LYME PODCAST: A CONFUSED WOMAN WITH ANAPLASMOSIS AND BABESIA INFECTION
Welcome to an Inside Lyme case study. I find that the best way to get to know Lyme disease is through reviewing actual cases. I will be discussing a 78-year-old confused woman with an Anaplasmosis and Babesia infection.
A 78-year-old woman was evaluated in an emergency room with fever, chills, lethargy, fatigue, and confusion. Her maximum temperature was 100.6° F.
Her blood tests were quite abnormal. She had severe anemia, low white blood count, and low platelet count.
• Anemia (dropped from 10.5 g/dL to a low of 8 g/dL)
• Leukopenia (dropped from 5.0 × 10 9 /L to 2.6 × 10 9 /L)
• Thrombocytopenia (dropped to 39 × 10 9 /L)
The doctor initially considered sepsis. Sepsis is a potentially life-threatening illness triggered by an infection. The body’s immune response can be so strong that the body can attack itself and can lead to organ damage and death.
ANAPLASMOSIS AND BABESIA INFECTION
She also had multiple tick bites.
The doctors were able to identify the parasite that causes a Babesia infection in the woman’s red blood cells under the microscope. Babesia is a disease transmitted by the same tick that carries Lyme disease.
The doctors prescribed a combination of atovaquone and azithromycin for her Babesia infection. These medications are marketed under the names Mepron and Zithromax in the US.
The doctors were also concerned that the woman might suffer from another tick-borne illness called Anaplasmosis because of her low white blood count and low platelet count. Anaplasmosis had previously been called Ehrlichia.
The combination of atovaquone and azithromycin is not effective for Anaplasmosis. The doctors added doxycycline to the woman’s treatment.
The laboratory test confirmed that she had, in fact, an anaplasmosis and babesia infection. The IgM tests were positive for both conditions consistent with early infection.
The woman’s cognitive function improved dramatically following two weeks of treatment, according to the authors.
What can we learn from these cases?
- Tick-borne diseases can lead to confusion in the elderly.
- An individual with a tick-borne infection can be confused with sepsis.
What questions do these cases raise?
- How many elderly with tick-borne illnesses are confused?
- What if the parasites associated with the Babesia infection had not been seen in the red blood cells under the microscope? Would the woman have been diagnosed in a timely manner for Babesia?
- What would have happened to the woman if the doctors had not considered Anaplasmosis?
- What would have happened to the woman if the doctors had stopped treatment if the tests were negative?
- What is the long-term outcome for the elderly with tick-borne infections? Could the woman’s short term confusion described in this case lead to long term confusion?
TREATING TICK-BORNE DISEASE IN MY PRACTICE
In my practice, each individual requires a careful assessment. That is why I order a broad range of blood tests for other illnesses in addition to tick-borne infections. I also arrange consultations with specialists as needed.
Many patients are complex, as highlighted in this Inside Lyme Podcast series.
We need more doctors with skills diagnosing and treating Lyme disease in the elderly. We hope that a professional evaluating the elderly can use this case to remind them to look for Lyme disease and co-infections and treat accordingly.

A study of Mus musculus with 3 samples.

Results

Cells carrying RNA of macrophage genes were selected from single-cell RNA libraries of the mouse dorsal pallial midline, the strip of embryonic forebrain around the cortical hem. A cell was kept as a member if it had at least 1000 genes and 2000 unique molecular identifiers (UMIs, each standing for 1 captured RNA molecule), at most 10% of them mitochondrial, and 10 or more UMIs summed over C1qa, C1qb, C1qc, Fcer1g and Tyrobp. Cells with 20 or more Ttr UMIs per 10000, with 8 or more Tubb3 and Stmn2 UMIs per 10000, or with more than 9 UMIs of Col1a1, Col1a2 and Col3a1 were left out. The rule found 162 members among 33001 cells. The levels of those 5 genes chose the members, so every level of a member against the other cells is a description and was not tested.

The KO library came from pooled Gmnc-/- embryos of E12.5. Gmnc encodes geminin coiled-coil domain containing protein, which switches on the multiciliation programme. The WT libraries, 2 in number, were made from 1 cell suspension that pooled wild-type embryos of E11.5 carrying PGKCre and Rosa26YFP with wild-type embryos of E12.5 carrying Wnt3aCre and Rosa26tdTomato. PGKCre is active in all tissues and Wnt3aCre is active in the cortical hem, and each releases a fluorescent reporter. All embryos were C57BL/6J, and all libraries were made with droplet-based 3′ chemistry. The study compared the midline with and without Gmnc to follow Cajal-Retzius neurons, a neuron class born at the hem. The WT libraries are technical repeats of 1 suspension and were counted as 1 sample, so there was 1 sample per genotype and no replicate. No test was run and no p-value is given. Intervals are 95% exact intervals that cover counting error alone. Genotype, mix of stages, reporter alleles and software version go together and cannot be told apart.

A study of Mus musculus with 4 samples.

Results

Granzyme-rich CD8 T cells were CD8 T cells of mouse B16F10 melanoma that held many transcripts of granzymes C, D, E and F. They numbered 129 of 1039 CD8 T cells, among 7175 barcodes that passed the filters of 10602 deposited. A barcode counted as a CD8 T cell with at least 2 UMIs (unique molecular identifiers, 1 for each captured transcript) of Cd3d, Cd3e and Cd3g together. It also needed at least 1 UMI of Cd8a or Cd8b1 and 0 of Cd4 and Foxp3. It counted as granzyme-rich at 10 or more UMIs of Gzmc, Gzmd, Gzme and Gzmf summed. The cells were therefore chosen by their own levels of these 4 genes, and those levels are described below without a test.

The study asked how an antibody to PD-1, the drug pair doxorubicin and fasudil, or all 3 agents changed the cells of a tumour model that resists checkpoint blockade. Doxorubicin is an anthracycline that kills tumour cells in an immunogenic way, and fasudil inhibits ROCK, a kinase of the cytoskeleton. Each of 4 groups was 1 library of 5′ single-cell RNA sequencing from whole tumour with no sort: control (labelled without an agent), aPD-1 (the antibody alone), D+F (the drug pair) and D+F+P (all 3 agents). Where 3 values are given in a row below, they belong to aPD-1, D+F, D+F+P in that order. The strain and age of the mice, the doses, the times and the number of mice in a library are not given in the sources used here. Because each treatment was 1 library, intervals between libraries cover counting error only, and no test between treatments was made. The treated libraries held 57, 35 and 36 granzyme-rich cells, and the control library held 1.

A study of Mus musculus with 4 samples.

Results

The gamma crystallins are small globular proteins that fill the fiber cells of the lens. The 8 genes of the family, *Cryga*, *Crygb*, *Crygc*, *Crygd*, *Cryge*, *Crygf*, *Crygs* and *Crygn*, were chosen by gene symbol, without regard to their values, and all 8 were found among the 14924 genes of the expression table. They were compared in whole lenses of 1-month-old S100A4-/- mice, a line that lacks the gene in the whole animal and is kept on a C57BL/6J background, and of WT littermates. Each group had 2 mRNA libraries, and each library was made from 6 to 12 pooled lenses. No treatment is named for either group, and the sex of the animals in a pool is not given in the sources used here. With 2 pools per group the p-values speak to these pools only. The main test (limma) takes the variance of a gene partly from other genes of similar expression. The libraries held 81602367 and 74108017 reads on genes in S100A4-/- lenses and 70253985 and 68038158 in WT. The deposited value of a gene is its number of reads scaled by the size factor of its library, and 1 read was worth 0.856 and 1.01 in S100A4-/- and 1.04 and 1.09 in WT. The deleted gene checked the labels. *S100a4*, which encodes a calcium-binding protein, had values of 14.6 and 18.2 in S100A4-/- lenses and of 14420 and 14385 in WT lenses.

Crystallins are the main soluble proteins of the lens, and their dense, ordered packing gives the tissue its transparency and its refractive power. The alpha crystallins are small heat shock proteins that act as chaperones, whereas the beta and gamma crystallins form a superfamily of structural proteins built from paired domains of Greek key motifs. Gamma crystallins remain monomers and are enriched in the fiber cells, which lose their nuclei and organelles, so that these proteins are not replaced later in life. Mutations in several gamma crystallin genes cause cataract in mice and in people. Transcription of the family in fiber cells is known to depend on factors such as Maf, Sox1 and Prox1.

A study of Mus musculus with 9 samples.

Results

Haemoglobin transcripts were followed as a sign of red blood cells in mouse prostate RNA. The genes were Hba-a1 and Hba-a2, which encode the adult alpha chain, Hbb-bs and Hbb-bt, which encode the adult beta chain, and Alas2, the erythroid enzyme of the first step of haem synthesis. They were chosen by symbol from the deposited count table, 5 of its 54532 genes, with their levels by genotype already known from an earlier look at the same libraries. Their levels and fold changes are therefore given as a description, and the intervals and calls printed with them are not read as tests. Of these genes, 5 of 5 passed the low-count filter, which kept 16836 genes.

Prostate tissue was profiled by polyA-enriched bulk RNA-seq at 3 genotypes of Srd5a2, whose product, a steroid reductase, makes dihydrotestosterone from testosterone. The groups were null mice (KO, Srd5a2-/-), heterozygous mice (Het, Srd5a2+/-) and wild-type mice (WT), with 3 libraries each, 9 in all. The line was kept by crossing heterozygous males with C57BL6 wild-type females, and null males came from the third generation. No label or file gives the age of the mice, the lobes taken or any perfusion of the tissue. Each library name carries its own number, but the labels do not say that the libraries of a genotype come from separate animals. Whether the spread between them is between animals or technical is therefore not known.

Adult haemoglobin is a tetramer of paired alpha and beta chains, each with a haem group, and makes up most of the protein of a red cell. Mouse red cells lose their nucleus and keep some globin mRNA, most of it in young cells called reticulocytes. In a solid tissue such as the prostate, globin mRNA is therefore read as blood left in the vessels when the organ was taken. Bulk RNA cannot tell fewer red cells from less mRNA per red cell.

Inside Lyme Podcast Series
This Inside Lyme case series will be discussed on my Facebook and made available on podcast and YouTube. As always, it is your likes, comments, and shares that help spread the word about this series and our work. If you can, please leave a review on iTunes or wherever else you get your podcasts.
Sign up for our newsletter to keep up with our cases.
- Paparone P, Paparone PW. Variable clinical presentations of babesiosis. Nurse Pract. 2018;43(10):48-54.
The optimal dose and duration of antibiotic treatment for anaplasmosis has not been definitively established, but it is clear that A. phagocytophilum is highly sensitive to tetracyclines. Thus, oral doxycycline is the recommended treatment, at the same dose used for Ehrlichia infections: 200 mg/day in two divided doses. The usual treatment duration is 5-10 days, which is extended if there is suspected coinfection with B. burgdorferi, the agent of Lyme disease. In any case, treatment should continue for at least three days after the patient’s fever resolves. Response to treatment is usually rapid; if the patient remains febrile more than two or three days after initiation of doxycycline therapy, the diagnosis should be revisited. As with Ehrlichia infections, rifampin is used in cases where doxycycline is contraindicated, such as pregnancy or allergy.
The CDC recommends a lower dosage. Lyme literate doctors know that some people need higher dosages. This is an important issue that has kept some from getting better. Consider and discuss with your practitioner.
Please see article for various treatments. Dr. Horowitz states that Babesia is one of the most tenacious coinfections he deals with. He recommends treatment of 9-12 months. Studies have also shown that mono therapies like the singular use of Mepron to be ineffective as the pathogens develop resistance to it. Lyme literate doctors typically utilize an overlapping treatment with numerous modalities to prevent this from happening. I’ve heard many professionals state that once you start treating Babesia you need to see it through to completion. So don’t start until you mean business and then stick it out. Treatment is typically 3 weeks on, one week off. In this article I state the treatment that worked for both my husband and I.
FYI: Two weeks of treatment is hardly ever sufficient.